Slowly, Germany begins to ponder life after Merkel
Angela Merkel’s immediate fate depends on the Social Democratic Party, which votes on Sunday on whether their leaders should pursue coalition negotiations with her Christian Democrats.
BERLIN - She has not faced a credible challenge to her rule as German chancellor for more than 12 years. Now, members of Angela Merkel’s conservatives are starting to look ahead to potential alternatives to lead their party and country.
Merkel’s immediate fate depends on the Social Democratic Party (SPD), which votes on Sunday on whether their leaders should pursue coalition negotiations with her Christian Democrats after striking a preliminary deal last week.
A “no” vote could force fresh elections as well as renewed debate on the issue of succession.
Interviews by Reuters with more than a dozen party lawmakers indicate that the coalition talks have brought pressure from Merkel’s party for new faces to be included in the next cabinet and prompted early conversations on a succession plan.
“We need to talk about how the Union can renew itself,” said Paul Ziemiak, who chairs the youth wing of the Union of Merkel’s Christian Democrats (CDU) and the Christian Social Union (CSU), which run together in national elections on the same ticket.
Merkel herself decided to seek a fourth term only after long reflection, and said in November 2016 she was seeking to stay on “if health allows”.
In 1998, she was quoted as saying: “I don’t want to be a half-dead wreck when I leave politics.” On the other hand, she has not ruled out running for a fifth term.
The departure of Merkel, whose time in office has overlapped with four French presidents and four British prime ministers, risks creating a leadership vacuum in the European Union at a critical and uncertain time.
To smooth the transition, many in the CDU favour the idea of a gradual transition. That could involve handing the party chairmanship over first.
Others want Merkel to go sooner, however, frustrated with her handling of the refugee crisis, which hurt the party during 24 September’s national election. Lamenting their loss of support to the far right, they complain she lacks the common touch.
One CDU lawmaker, who admired Merkel’s mastery of detail but complained she lacks empathy, said that handing over the chancellorship early would strengthen her successor and the party in the next election, due in 2021.
“Tactically, a chancellor has an incumbency advantage. That means there could be a change within the legislative period,” the lawmaker said.
The succession debate has been supercharged by the inclusion of a clause in the preliminary coalition deal with the SPD that envisages a review of the next government’s progress after two years to assess whether any changes to its mission are needed.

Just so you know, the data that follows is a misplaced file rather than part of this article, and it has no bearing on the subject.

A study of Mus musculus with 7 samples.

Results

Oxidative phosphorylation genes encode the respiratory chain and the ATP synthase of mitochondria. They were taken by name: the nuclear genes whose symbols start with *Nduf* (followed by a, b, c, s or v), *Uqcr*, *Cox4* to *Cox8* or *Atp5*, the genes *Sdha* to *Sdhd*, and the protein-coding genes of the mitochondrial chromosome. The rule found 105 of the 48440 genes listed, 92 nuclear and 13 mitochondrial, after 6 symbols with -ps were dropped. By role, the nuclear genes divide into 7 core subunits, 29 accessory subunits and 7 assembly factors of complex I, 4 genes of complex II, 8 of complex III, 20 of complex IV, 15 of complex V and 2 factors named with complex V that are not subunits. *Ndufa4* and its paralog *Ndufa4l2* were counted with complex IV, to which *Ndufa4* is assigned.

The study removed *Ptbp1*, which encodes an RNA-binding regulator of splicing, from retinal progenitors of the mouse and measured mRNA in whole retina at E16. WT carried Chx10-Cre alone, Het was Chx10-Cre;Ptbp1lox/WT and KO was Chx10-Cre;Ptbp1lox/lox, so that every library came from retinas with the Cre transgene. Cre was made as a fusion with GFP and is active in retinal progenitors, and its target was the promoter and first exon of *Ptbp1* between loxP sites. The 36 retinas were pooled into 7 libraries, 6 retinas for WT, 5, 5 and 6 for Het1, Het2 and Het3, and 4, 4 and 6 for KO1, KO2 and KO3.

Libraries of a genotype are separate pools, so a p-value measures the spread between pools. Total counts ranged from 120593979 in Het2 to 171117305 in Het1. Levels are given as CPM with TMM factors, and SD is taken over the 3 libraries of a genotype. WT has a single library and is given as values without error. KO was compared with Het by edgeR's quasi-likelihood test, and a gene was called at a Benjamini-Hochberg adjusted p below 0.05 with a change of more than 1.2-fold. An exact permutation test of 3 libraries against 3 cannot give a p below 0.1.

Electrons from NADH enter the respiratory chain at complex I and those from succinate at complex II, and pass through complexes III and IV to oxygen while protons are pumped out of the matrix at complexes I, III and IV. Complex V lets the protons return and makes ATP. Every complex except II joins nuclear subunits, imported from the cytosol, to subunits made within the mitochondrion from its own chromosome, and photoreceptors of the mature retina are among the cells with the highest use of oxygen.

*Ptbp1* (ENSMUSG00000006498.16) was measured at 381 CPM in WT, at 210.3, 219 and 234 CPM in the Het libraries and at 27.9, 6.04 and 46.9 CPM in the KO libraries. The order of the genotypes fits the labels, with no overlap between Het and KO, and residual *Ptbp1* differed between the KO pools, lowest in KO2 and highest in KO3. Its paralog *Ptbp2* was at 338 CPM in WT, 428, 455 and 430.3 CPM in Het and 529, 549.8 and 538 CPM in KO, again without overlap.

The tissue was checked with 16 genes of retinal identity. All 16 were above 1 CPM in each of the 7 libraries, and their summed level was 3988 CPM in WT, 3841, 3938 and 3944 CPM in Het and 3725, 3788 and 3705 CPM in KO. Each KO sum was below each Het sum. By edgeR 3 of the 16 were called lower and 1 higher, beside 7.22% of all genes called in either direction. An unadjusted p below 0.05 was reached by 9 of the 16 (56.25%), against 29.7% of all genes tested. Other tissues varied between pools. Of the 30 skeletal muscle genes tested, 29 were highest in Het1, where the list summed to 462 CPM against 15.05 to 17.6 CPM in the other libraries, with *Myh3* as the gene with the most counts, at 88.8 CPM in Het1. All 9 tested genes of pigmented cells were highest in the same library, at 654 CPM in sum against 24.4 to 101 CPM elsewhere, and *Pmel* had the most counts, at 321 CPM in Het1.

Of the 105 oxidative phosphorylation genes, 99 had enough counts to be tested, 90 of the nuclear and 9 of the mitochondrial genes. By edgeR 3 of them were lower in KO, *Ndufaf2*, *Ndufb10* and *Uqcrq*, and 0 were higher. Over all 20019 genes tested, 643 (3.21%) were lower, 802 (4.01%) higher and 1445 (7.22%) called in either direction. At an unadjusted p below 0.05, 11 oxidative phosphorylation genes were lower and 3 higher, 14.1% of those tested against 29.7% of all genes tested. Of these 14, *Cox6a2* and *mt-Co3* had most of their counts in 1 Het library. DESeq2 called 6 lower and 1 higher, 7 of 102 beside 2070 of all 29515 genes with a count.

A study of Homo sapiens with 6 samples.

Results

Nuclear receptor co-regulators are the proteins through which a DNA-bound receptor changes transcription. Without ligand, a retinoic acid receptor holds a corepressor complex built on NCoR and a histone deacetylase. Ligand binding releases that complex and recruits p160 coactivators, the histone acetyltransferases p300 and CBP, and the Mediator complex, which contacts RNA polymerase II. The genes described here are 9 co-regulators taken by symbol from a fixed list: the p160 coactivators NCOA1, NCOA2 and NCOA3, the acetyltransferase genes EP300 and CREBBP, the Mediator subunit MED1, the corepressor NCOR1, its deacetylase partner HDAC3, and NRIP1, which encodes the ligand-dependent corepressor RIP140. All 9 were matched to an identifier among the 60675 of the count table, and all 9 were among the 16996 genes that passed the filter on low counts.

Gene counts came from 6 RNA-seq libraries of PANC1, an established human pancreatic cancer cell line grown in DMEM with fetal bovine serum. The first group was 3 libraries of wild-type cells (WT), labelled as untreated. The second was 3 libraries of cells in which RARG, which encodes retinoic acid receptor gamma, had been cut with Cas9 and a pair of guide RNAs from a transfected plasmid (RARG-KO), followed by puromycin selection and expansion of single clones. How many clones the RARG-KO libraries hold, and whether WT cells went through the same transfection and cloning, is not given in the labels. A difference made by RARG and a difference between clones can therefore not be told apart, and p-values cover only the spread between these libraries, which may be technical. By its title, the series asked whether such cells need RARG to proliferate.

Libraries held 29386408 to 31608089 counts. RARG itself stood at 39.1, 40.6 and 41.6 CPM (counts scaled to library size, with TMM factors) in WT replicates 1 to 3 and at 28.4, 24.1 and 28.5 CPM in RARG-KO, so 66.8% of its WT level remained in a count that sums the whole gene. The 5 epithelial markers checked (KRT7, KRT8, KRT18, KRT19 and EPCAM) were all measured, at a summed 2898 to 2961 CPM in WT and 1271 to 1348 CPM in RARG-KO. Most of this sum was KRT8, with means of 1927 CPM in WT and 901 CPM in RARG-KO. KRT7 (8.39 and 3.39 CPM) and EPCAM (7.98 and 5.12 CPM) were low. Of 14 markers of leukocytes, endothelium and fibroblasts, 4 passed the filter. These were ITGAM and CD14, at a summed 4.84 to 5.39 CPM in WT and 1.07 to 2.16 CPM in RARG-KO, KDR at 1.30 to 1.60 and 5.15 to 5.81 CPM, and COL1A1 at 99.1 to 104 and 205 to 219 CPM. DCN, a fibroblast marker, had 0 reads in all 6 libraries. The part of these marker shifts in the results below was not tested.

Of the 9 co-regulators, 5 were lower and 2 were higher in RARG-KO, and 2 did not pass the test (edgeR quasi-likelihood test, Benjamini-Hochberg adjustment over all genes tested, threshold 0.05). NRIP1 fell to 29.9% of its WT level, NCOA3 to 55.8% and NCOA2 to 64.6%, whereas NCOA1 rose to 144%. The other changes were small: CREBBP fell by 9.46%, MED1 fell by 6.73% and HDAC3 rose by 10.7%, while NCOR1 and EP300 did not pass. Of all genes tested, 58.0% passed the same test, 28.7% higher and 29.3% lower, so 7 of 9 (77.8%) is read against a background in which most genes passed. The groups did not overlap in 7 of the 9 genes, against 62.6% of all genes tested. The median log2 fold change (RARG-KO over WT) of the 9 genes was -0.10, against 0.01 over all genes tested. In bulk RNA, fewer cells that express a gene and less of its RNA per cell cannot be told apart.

“A good time for Merkel to resign,” one CDU lawmaker, speaking on condition of anonymity, said of the review.
The risk of a handover at that point is that the SPD if it agrees to govern with the conservatives, could pull the plug on the coalition and force fresh elections. But the situation also could come to a head far sooner.
Sunday’s SPD vote is an immediate hurdle. If fresh elections are held, a small minority of lawmakers on the right of the CDU and in the CSU hope she would not run again for chancellor, according to those who spoke to Reuters.
Others reject this idea.
“We are not of the view that if the SPD votes ‘no’ on Sunday, that this is the fault of the Union or the chancellor,” said Detlef Seif, deputy EU spokesman for Merkel’s conservative parliamentary bloc.
Merkel has said she would run again for chancellor in the event of new elections. Voters still respect her, polls show.
A Forsa poll published on Thursday showed support for Merkel’s CDU/CSU bloc rose to 34%, slightly above its election result of 32.9%. Support for the SPD slipped to 18%, below the 20.5% it achieved in the election.
Many conservatives favour an orderly transition.
“I think a sensible succession arrangement must be found within the Union, but not at the moment given all that the chancellor has achieved, and not in the middle of a legislative period,” said Seif.
One way, discussed by some other CDU lawmakers, of achieving an orderly handover would see Merkel relinquish the CDU party chair to a designated successor in 2020 while remaining chancellor, a scenario which would allow the person to raise their profile.
Merkel has in the past said she believes the party chair and chancellorship should be held by the same person.
The CDU botched its last leadership handover.
Late chancellor Helmut Kohl handed over the chairmanship to Wolfgang Schaeuble after his defeat at the 1998 election, only for them both to be compromised by a party funding scandal. Merkel then took over as leader, calling for a new start.
Schaeuble, highly respected by conservatives for imposing fiscal discipline on the eurozone during his time as finance minister, is perhaps the only CDU figure who could lead a putsch to oust Merkel. A trusted, if awkward, ally of Merkel, he is unlikely to do so.
Younger contenders are circling, notably deputy finance minister Jens Spahn.
“Germans love orderly processes, but when it comes to handing over the chancellorship it doesn’t happen,” said Carsten Nickel at advisory firm Teneo Intelligence. “I think there will be a lot of movement in the CDU in the next four years.”